How to Measure for a Plus Size Corset

How to Measure for a Plus Size Corset

Any time you’re purchasing a support garment, from a bra, to a girdle, to a corset, you want to make sure you know your size, and this means taking measurements. Not only that, but you need to take your measurements properly, whether your body is trim and athletic or you’ve got curves for days.

Unfortunately, there aren’t a lot of guidelines available to help fuller-figured women navigate all of their curves. What if your luscious proportions make it tough to find a natural waist? What if your measuring tape slips and slides while you’re trying to take accurate measurements?

Don’t get frustrated, ladies! You aren’t the only one struggling to get your measuring tape to cooperate, and if you don’t have a friend to lend an extra pair of hands to the operation, there are tips and tricks to ensure you take perfect measurements. Here are a few hints on how to measure for a plus size corset.

Corset measurements: How to measure for corset: Corset Measurements


First of all, you do not need this measurement if you plan to order an underbust corset. It is imperative if you want an overbust corset, though. If you’re measuring anyway, you should jot down your bust measurement, just for the sake of keeping your options open.

To measure your bust, simply wrap the tape around the widest part of your bust (generally right at the nipple), making sure the tape doesn’t slip down in the back. Use a mirror to ensure the tape is level all around for an accurate measurement. Pull it snug, but not tight.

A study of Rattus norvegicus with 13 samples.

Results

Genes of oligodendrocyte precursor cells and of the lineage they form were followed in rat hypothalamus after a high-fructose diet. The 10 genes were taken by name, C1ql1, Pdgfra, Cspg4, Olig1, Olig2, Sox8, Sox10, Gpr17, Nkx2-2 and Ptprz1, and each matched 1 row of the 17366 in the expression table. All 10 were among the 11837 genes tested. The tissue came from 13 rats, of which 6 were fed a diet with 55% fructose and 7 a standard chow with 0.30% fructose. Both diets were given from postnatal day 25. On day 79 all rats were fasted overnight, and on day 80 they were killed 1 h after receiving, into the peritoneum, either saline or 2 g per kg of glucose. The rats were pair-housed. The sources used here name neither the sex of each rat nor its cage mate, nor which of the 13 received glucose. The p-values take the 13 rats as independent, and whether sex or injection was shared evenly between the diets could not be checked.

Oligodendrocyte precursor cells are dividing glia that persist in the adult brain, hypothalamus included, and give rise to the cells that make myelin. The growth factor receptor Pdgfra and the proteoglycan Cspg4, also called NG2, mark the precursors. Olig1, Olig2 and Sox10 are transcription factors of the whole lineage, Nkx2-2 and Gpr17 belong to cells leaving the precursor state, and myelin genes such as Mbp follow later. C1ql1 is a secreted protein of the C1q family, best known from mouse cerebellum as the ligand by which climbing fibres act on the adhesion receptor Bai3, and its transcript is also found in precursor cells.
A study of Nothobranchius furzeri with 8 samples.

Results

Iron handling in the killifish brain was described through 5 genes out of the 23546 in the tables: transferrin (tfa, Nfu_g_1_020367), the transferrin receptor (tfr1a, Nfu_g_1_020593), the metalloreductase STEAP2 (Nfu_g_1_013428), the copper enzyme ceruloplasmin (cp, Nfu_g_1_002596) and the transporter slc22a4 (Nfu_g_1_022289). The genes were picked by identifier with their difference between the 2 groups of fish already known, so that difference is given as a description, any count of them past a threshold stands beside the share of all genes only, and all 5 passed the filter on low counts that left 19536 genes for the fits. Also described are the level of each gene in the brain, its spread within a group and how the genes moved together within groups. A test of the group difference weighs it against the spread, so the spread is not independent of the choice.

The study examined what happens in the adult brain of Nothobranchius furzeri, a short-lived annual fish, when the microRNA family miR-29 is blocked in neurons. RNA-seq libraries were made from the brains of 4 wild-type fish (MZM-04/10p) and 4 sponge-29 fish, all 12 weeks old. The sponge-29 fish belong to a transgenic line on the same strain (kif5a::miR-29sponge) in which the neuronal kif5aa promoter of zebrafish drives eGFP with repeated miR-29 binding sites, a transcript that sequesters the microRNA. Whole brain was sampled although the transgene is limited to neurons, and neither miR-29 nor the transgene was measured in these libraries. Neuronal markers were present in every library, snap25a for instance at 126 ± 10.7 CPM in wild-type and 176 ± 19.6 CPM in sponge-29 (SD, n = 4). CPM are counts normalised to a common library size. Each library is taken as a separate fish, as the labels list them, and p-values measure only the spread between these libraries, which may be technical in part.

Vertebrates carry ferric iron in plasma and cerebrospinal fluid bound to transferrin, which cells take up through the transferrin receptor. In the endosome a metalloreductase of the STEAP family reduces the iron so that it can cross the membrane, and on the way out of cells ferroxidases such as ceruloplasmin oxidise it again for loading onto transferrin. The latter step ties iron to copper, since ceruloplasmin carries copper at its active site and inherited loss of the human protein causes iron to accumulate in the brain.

Underbust (A)

This measurement encompasses your ribcage just below the bust, and for ladies with ample assets, it can be a tough one. You may need to lift your bosom to place the measuring tape underneath, which is where a helper comes in handy (to measure, not support your bosom, although assigning roles is really up to you!). If you don’t have help, wearing a supportive bra could do the trick, so long as you make sure to measure under the bra band.

Natural Waist (B)

You’ve probably been told your natural waist is the smallest part of your torso, but for full-figured women, this isn’t always the case. How, then, do you measure? Try hinging at the waist, first to one side and then the other in front of a mirror. The area where your waist pinches in below the bust is where you’ll want to measure for your natural waist.

High Hip (C)

You’re probably familiar with hip measurements for pants, which fall at the widest part of your hip. However, this isn’t where your corset will rest, so you actually need to measure the upper hip. Uh, what?

To find the right area to measure, try feeling for the top of hip bone on either side (the area known as the iliac crest). Or simply raise your knee while standing until your thigh is parallel to the floor, or alternately, hinge forward at the hip, and set your measuring tape at the bend on your hip.

Torso (D)

This measurement extends from the underbust to the upper hip. It’s important to get a straight line, which could be problematic if you have some extra baggage in the belly area. Again, an extra set of hands can help here, but if you’re flying solo, simply look in the mirror, pull the measuring tape taut, and try to get a straight line from underbust to upper hip level. Voila! You’re ready to order the perfect plus size corset.